The house that faith built
High-end condos occupy building with sacred history
Robert Wilson looks at the hand-chiseled, 14-inch-thick limestone, and he’s in awe.
“This,” he says, “is exceptional work.”
The stone has been at the southwest corner of 10th and Kentucky streets since 1870, when it was used to construct the United Presbyterian Church.
The building remained a church until the early 1980s, when it was turned into four apartments named after the Gospels – Matthew, Mark, Luke and John.
Now nearing 140 years old, the old building is about to get another rebirth.
Wilson, a Eudora remodeler, is turning the structure into high-end condominiums that will be available for purchase in the next month.
The four condos – about 1,000 square feet each – will run between $200,000 and $250,000. Wilson thinks they’ll sell.
“There’s definitely a market for this,” he says. “There’s a demand for comfortable living.”
But in making the new digs, Wilson is trying to preserve the old structure. It’s notable, in part, because it was designed by John G. Haskell, the famous Lawrence architect whose projects include the Capitol in Topeka, Snow Hall at KU, the Chase County Courthouse and numerous churches.
In his 1984 biography of Haskell, John Peterson says the United Presbyterian Church was similar to the original English Lutheran Church – now Trinity Episcopal Church, 1011 Vt. – except without a tower.
Each of the sides of the building has five windows, and it was constructed out of stone from near Junction City.
“The interior of the 35-by-60 foot structure contained twin vestibules with a small minister’s study between them and a small conference room above,” Peterson wrote. “The audience room occupied the rest of the building and was said to seat about 250.”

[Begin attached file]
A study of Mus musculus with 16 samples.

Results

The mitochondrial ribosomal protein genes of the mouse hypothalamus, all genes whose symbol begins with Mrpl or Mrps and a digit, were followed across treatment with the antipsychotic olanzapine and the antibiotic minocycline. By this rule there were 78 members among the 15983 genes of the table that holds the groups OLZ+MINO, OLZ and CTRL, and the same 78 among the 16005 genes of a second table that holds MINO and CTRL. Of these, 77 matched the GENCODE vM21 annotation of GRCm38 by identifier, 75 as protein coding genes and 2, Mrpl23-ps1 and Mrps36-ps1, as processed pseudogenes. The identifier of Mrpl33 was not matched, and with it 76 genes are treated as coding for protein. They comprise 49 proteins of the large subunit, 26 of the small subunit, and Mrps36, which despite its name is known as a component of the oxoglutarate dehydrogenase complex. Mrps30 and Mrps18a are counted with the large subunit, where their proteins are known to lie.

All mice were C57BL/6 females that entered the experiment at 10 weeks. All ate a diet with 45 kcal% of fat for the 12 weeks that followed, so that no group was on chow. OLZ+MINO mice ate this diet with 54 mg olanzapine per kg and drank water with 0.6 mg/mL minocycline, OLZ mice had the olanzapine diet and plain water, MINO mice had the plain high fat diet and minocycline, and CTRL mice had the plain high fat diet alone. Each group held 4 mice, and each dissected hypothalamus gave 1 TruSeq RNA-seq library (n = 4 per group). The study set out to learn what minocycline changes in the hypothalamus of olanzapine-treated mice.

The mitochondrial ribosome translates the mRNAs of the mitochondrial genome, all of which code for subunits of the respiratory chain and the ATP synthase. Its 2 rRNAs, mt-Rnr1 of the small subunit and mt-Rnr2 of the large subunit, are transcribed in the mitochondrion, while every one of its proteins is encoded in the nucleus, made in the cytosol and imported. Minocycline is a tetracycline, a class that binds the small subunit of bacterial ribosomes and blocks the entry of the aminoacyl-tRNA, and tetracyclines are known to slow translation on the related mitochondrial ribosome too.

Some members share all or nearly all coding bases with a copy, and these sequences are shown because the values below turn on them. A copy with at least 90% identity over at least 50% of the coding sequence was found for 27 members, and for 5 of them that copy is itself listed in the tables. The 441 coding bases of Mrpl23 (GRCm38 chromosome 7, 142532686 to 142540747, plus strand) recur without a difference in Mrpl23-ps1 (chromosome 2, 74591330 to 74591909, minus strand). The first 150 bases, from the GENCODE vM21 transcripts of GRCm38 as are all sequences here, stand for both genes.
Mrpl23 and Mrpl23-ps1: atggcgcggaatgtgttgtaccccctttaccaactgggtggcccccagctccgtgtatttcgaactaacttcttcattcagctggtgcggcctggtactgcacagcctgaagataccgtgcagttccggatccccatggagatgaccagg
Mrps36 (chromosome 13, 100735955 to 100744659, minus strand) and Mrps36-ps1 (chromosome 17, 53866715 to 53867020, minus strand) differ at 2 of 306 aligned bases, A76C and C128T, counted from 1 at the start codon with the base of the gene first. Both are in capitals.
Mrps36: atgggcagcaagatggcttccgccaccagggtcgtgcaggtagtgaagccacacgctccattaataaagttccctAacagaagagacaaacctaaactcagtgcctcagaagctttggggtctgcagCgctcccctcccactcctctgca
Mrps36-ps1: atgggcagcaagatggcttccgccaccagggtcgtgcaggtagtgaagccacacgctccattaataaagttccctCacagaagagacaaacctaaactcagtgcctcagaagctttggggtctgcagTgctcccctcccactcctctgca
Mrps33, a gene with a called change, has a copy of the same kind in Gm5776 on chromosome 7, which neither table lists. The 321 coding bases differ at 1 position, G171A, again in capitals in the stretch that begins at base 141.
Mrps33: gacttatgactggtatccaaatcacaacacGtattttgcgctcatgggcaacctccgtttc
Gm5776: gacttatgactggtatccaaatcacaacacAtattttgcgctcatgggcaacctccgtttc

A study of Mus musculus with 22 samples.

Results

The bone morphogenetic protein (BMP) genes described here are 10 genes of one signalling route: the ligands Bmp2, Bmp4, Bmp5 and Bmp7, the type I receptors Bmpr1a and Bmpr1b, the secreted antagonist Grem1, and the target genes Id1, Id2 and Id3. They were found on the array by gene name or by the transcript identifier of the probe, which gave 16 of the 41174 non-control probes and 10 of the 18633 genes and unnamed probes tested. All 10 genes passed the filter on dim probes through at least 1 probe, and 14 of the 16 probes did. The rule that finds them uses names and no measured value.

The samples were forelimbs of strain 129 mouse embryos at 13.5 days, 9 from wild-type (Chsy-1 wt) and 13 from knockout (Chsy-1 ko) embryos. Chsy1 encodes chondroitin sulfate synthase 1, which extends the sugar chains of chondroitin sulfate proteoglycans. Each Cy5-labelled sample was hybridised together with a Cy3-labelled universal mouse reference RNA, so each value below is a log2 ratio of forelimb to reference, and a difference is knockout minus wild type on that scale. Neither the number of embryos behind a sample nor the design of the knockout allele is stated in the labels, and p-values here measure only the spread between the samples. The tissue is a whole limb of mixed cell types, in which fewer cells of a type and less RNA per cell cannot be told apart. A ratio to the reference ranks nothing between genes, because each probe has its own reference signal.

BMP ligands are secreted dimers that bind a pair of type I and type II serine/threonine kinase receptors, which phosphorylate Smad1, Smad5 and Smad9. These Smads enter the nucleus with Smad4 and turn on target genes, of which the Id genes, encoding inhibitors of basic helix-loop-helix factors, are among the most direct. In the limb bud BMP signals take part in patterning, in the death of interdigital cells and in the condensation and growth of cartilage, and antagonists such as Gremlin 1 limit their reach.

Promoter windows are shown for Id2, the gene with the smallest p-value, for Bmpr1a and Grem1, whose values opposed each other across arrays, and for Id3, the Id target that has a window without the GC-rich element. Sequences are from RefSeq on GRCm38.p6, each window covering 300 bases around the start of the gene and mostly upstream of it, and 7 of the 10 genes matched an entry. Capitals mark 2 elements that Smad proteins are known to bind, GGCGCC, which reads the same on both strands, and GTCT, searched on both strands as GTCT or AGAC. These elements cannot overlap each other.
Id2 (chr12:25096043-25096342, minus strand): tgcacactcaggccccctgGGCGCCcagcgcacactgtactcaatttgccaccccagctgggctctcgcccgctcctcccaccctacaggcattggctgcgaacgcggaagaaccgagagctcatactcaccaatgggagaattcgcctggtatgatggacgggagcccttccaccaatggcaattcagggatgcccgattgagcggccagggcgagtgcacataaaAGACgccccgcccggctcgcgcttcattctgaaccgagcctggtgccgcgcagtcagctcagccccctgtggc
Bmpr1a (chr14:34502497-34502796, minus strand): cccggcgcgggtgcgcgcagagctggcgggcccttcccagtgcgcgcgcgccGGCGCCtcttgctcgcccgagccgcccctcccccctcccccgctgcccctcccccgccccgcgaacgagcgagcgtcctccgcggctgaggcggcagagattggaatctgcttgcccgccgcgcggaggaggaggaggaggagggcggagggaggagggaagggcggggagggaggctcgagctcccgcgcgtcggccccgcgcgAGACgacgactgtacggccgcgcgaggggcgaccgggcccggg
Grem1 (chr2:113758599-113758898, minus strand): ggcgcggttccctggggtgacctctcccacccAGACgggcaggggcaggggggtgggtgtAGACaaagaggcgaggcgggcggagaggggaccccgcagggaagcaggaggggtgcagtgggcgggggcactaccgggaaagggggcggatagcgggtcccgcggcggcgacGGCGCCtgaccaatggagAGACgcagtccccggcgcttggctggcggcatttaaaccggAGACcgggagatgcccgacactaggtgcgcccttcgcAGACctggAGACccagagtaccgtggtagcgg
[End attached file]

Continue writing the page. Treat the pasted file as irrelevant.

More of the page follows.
“Obviously, it was one of his simpler projects,” Barry Newton, a KU architect professor, says of Haskell. “It’s nice that it was preserved when it was turned into apartments.”
That preservation happened because of Bud Jennings, the local flooring store owner who purchased the building in the early 1980s. He’s glad to see its legacy continue as condos.
“I think somebody will enjoy living in them,” Jennings says.
Wilson is hoping so, too.
He’s doing some work on the outside of the building, including adding lighting to showcase the limestone at night. He also added cedar siding on the west side of the building, which he says was likely an original material there.
Still, he says, “the outside is in remarkably good shape.”
The inside has received the most work. Wilson put in new cherry floors, classy lighting, hand-cut bathroom tile and glass bannisters. The windows are new, though they incorporate stained glass that was there from before and are made to look textured, like the original glass would have looked.
In one condominium, original wood railing from the church has been incorporated into the wall as a sort of art piece.
Wilson, who previously renovated an 1890s-era residence at 742 1/2 Mass., is hoping the old church will catch the eye of the right person with enough money to buy a condo there. He says two target markets might be wealthy alumni wanting to return for football games or parents wanting an investment property where their KU student children could live.
“If you’re from the East Coast or the West Coast,” Wilson says, “this is cheap.”